U.S. salves wounds from Gold Cup
By Michael Lewis

PASADENA, California -- The United States will have a long, long time to ponder its Gold Cup final loss before it finds itself in a meaningful match again.

With World Cup qualifying for Brazil 2014 slated to begin for the Americans in about a year, they will have plenty of time to forget about, and learn from, their 4-2 defeat to Mexico in the championship game at the Rose Bowl on Saturday night.

"I think we're in a good place," goalkeeper Tim Howard said. "This will hopefully motivate us. We're a good team. We know what to expect from us. This team has been through qualifying.

"Look, right now it all hurts. It's going to take while. We'll get over it. We're still a dominant team in the region. We showed that. Unfortunately, we didn't do it for 90 minutes, but we're still up for that."

Midfielder Michael Bradley, who gave the United States a 1-0 lead in the eighth minute, said the defeat will only serve to prod him and his teammates in future games and competitions.

The defeat "motivates us even more," he said. "You walk away on a night like this and nobody has a good feeling in their mouth, so it's part of being a competitor.


"Nights like this you leave everything you have on the field and at times it doesn't go your way but it only motivates you more to work harder, to get better, to know what we need to bring on nights like this when things are at the absolute highest level. It's not a nice feeling, but having said that we'll be back. I know that."

Landon Donovan, who became the Gold Cup's all-time leading scorer with his 13th goal (surpassing former Mexican standout Zaque), said the United States improved during the competition.

"We got a lot better this tournament, just the way we were playing and the way we were moving the ball and keeping possession a little more," he said.

But the red, white and blue will have to improve a lot more if it wants to keep pace with the Mexicans.

"We still have a ways to go," Donovan said. "You saw tonight when you take it up another level it becomes even more difficult. So, ideally in these games, you want to even things out a little more than Mexico always having the ball, which is something that they're very good at, and make them defend a little bit."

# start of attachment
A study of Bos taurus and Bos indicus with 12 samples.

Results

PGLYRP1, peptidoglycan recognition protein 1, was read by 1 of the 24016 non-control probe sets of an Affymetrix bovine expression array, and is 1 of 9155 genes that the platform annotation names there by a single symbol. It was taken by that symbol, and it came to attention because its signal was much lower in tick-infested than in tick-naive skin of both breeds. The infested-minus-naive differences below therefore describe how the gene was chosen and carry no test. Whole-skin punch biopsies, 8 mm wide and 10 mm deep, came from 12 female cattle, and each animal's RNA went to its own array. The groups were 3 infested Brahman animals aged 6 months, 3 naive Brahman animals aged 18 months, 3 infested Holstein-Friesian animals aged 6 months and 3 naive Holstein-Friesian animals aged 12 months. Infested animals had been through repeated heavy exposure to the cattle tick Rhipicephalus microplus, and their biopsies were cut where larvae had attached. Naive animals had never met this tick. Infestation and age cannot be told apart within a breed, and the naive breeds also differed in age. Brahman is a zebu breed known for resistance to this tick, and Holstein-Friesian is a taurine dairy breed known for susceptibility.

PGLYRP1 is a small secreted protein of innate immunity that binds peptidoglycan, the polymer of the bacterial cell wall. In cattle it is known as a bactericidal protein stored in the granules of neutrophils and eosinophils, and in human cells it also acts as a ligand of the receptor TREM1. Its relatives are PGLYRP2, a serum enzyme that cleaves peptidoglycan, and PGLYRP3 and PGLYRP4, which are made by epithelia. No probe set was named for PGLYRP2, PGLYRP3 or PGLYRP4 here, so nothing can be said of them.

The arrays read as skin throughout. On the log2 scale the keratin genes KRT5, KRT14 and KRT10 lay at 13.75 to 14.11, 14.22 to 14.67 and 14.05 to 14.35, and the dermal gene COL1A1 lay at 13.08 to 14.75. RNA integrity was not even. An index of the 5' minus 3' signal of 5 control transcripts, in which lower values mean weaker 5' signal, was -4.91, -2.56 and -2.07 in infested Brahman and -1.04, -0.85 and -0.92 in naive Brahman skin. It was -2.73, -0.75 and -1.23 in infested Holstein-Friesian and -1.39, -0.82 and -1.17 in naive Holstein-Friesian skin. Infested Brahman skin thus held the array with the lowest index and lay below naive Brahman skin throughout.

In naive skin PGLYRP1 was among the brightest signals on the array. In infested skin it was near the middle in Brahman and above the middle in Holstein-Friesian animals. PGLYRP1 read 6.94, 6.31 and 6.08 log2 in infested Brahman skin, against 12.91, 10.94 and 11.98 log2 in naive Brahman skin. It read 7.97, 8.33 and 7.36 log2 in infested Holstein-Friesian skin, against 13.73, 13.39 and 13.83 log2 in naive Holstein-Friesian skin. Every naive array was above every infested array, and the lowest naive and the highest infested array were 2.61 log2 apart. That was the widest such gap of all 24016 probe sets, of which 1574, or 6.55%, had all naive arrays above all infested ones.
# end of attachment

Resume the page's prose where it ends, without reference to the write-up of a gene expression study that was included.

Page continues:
The Mexicans have won two consecutive games - both Gold Cup finals -- over the United States on American soil after enduring an 11-game winless streak over 11½ years. Donovan did not think the loss erased any of the advantage the United States has built up over the Mexicans through past decade.

"We don't see it that way," he said. "Every time we play them it's a new scenario. They're a good team. We've got to go catch them. They have shown that they're the team to beat right now and we've got to go get them."

Donovan started at forward because coach Bob Bradley inserted Freddy Adu into a midfield role. Adu did not make his first Gold Cup appearance until the 1-0 semifinal win over Panama on Wednesday night.

"He did well," Donovan said. "He's done a lot since he's come into camp. The one thing about him he wasn't going to be overwhelmed by the occasion. He did a pretty good job. He tired a little bit at the end. He helped us."

Fan blogs and internet discussion forums as well as some commentators have called for coach Bob Bradley's firing in the wake of the team's performance in the Gold Cup, particularly the 2-1 loss to Panama in the group stage.

"It's not my concern, my friend," Donovan told a writer.

Howard didn't think it was fair to blame the loss on Bradley.

"The game today has nothing to do with Bob," Howard said. "It's all about us. We stepped over the line. We didn't accomplish what we needed to do. He prepared us. I think our game plan was right on and our lineup was fantastic. We didn't get it done. That's what it's about."